They are present in every village, visit every home, know every mother and every child. They are the first in line to be contacted in case of any illness or distress in the family. Yet, they are paid a pittance despite working 24X7 and being on the move at all times.
These are ASHA (Accredited Social Health Activists) and USHA (Urban Social Health Activist) workers who have been protesting in Madhya Pradesh since April this year. On October 2 and 3, these workers gathered at Bhopal’s Polytechnic Chowk, demanding permanent employment and a hiked and fixed salary.
Coming from 16 districts across the state, the health activists had to face lathis and preventive arrests on October 11 at a distance of 200 metres from Chief Minister Shivraj Singh Chouhan’s residence. One of the ASHA workers – Mamta Rajawat – suffered serious injuries after the police tried to force her down from a mobile phone tower which she had climbed during the protest. She was rushed to hospital and stayed there the whole night, until she regained consciousness.
“We are accredited social health activists and are respected and loved in the society, but the government disrespects us. Despite having the huge responsibility of tackling maximum pregnancy cases, we don’t get any salary. We work on incentives – which is Rs. 6,200 for 25 days of work. We want regularisation of our employment and permanent salary and other allowances,” protesting Pooja Kannaujiya told Newsclick.
She said, “We have played an important role in the decreasing rate of infant mortality and maternal mortality, and even in the declining fertility rate. Yet, we get nothing. We are asked to work 24X7 and be on the move at all times. In addition, the bureaucracy unloads on us several other works such as carrying out surveys to cooking meals and holding festivals.”
Meera Kashiya, an ASHA worker from Dindori district, said they (the ASHA workers) don’t have a minute to spare in the day. All the time – she said – they are visiting women, checking on their children and ensuring that everybody is okay. “After all this, we fill out all the registers and complete the paperwork. We often take women in labour to the hospitals in the middle of night. But what do we get from the government in return? Nothing. The incentive we get is insufficient to bear family expenses, forget about celebrating festivals,” she added, with anger visible on her face.
ASHAs Threaten to Change Government
During the protest, the women got so agitated that they ended up chanting slogans such as ‘Abhi Karo, Jald Karo, Humko Permanent Karo’ (Do it now, do it fast, regularise our job). They have also threatened the BJP government of ousting it in the upcoming Assembly polls if their demands are not met. ‘Har Ghar Se Hamara Naata Hai, Sarkar Badalna Aata Hai’ (We know families in every home, we know how to bring the government down) and ‘Mama Nahin Qasai Hai, Kansa Ka Chota Bhai Hai’ (CM Shivraj Singh Chouhan is not an uncle but a butcher, he is the younger brother of Kansa – a tyrant ruler in Hindu mythology). CM Chouhan is popularly called mama (maternal uncle) in Madhya Pradesh.
Laxmi Kaurav and Amrita Anand told Newsclick that the police have now filed a case against Laxmi and five other ASHA workers. They have only been given the complaint number but have not been informed about the nature of allegations against them.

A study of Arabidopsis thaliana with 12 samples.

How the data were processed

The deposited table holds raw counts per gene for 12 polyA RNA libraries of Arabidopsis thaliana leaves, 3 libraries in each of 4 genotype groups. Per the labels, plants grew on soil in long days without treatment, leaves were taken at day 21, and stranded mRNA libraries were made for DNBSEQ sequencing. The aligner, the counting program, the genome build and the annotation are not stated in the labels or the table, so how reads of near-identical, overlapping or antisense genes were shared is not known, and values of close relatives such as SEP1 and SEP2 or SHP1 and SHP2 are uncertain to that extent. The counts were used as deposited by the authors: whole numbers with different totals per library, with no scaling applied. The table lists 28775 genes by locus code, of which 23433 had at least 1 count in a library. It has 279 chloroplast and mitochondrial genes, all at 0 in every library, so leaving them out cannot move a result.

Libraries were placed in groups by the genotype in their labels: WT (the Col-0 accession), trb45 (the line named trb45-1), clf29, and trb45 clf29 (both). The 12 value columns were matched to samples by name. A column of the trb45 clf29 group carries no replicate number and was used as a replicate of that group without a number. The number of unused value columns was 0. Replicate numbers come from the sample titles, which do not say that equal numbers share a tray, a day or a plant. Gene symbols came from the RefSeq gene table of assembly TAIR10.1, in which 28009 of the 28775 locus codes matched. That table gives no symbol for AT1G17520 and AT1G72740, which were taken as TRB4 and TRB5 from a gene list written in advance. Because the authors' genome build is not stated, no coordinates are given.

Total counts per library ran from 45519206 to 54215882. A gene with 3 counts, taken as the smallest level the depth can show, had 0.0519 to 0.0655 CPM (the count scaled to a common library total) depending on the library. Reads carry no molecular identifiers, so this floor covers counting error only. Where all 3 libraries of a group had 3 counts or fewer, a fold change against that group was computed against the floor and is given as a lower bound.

Several ASHA and USHA workers said they had even met the Chief Minister, who promised them that the government would do something to address their demands. “The public health system will collapse without us as we work in rural as well as urban areas. Prime Minister Narendra Modi boasts of our work. Yet, we are treated poorly. We want respect and a dignified life, which are guaranteed in the Constitution,” they added.
In Madhya Pradesh, an ASHA worker earns between Rs. 800 and 1,000 per month, as the remuneration is linked entirely to their activities: for instance, they are paid Rs 250 for nine months' antenatal care resulting in an institutional delivery. Most other states provide a fixed honorarium above such “incentives”, or match these, ensuring a minimum salary for these health workers.
A Sorry State of Affairs
ASHA and USHA workers are not even getting minimum wages. They are demanding Rs 10,000 per month for ASHA-USHA workers and Rs. 25,000 per month for ASHA sahayoginis (who monitor and coordinate the health services provided by ASHA workers in an area).
The Union Ministry of Health and Family Welfare’s (MHFW) also acknowledges that ASHA workers are the ‘first port’ of contact for medical care for people in many villages. And, therefore, they too need allowances like other government staff for travelling as their work involves extensive travel in the field and rising petrol prices affect them as well.
Poor communications, high costs of travel and lack of physical accessibility to the villages and health centres pose a challenge for both the ASHA workers and mobilisers. This fact has been admitted even in the MHFW report published in July 2017.
The health activists – the report says – face difficulties in opening bank accounts and even withdrawal of money due to poor accessibility to banking services. “Aadhaar cards were provided only at the district headquarters, and ASHAs who were not able to travel the distance were not able to get the card. The recent rule of making payment to bank accounts linked with Aadhaar, has further made it difficult for ASHAs to receive timely payments,” it reads.
Madhya Pradesh is going to Assembly polls on November 28, and the agitated ASHA/USHA workers, with their wide reach across the state, may become a serious headache for the Chouhan government.